I just installed BassQ in my home theater last week. In short--it works. My room has 2 rows of 3 seats, and there was a large difference between the various seats, particularly between the rows. I have yet to install bass traps, and while I'm sure they will help (they are now on order), they would not solve the problem as well as BassQ + traps, I'm certain.
I did not want to buy several subs, so to test the BassQ theory, I first tried using the speakers I already have. The room modes are between 35 and 120 Hz in my room (11.5' x 17' x 8'), and the main L/R speakers and 4 surrounds each cover down to 30 Hz nicely. That's 6 mid-bass "subs" in effect, and then I also have a separate powered sub that goes <20Hz. Figured I had enough bass drive capability.
So I am crossing over all speakers at 100 Hz [update: 80 Hz] in the AV processor, and I tell it there's one Sub. Now I have one audio signal carrying all the bass. I feed it into the BassQ box. The 4 outputs are then distributed to the L/R and 4 surrounds (driving the Ls/Lb with one signal, and Rs/Rb with another, thus sharing the load). The front L/R are more capable speakers.
The diagram shows the signal path of the bass management system I'm using. It anticipates the use of an SSP-800 which has 2 sub outputs, but for now my processor has one sub out, so I use a Y splitter to drive the two paths. The resistor summers are in an aluminum box I made. Works great.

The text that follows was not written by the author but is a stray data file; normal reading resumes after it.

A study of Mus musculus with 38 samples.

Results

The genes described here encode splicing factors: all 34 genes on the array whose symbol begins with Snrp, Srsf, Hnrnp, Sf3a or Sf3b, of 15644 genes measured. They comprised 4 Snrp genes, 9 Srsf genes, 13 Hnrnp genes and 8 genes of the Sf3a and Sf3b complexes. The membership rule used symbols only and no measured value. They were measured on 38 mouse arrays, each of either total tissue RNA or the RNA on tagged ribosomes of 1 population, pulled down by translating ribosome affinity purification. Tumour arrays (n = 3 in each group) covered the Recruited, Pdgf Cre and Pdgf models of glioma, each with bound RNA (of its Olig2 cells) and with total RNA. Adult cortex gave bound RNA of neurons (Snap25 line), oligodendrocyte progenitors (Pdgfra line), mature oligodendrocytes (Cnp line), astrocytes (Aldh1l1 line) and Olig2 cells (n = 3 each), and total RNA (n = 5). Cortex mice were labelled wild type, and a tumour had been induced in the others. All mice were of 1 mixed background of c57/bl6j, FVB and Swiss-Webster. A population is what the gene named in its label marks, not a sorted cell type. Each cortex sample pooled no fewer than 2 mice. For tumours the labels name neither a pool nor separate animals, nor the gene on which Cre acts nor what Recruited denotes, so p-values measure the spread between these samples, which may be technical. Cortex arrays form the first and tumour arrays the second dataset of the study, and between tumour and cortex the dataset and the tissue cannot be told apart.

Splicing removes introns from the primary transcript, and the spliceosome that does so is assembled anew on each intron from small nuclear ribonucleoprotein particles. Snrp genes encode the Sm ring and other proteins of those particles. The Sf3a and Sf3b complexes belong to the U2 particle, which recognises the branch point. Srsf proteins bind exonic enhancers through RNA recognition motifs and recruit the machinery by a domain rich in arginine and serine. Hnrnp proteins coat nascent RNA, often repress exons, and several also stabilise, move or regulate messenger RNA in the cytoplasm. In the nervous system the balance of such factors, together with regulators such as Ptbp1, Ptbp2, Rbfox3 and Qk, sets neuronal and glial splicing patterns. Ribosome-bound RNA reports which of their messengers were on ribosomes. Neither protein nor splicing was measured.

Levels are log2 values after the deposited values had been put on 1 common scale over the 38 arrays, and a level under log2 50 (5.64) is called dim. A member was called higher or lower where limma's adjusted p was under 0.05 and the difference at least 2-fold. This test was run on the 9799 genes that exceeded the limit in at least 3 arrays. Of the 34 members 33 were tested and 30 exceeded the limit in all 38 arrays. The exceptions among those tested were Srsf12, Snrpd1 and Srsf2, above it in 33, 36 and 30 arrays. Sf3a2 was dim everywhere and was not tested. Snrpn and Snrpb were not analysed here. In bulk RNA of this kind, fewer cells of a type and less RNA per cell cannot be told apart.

I also just received the XTZ Room Analyzer kit which helps see the before/after effect. The plots show blu and white curves. The blu are the measured results. The white show how it would look if the suggested PEQ filters were added.
Fig 1 shows the use of only the 4 "corner" speakers used as subs. The Ls/Rs are not running. The "front" graphs show the XTZ mic moved to 3 positions across the front row. The "rear" graphs show the same for the rear row of seats. You can see from Fig1 that BassQ helps make the two rows look more uniform.
I then added the Ls/Rs in parallel with the rears, and re-ran BassQ setup. The results are in Fig2.
These plots also show that the speakers all roll off below 25 Hz. So I added a bit of a high-pass filter from an analog Rane EQ to cut off below 30 Hz, and I added my main sub with a 30Hz LPF. I did not re-run BassQ, as the main sub is not in the BassQ signal path. Fig 3 shows the overall results.
Fig3 is what I'm listening to, and it sounds very good already. My room still has ringing at 80 Hz, causing a notch in the rear seats, so the bass traps ought to help knock that down. For ref, here's my room layout with the mic positions added:
I hope to hear from you or others who give BassQ a try.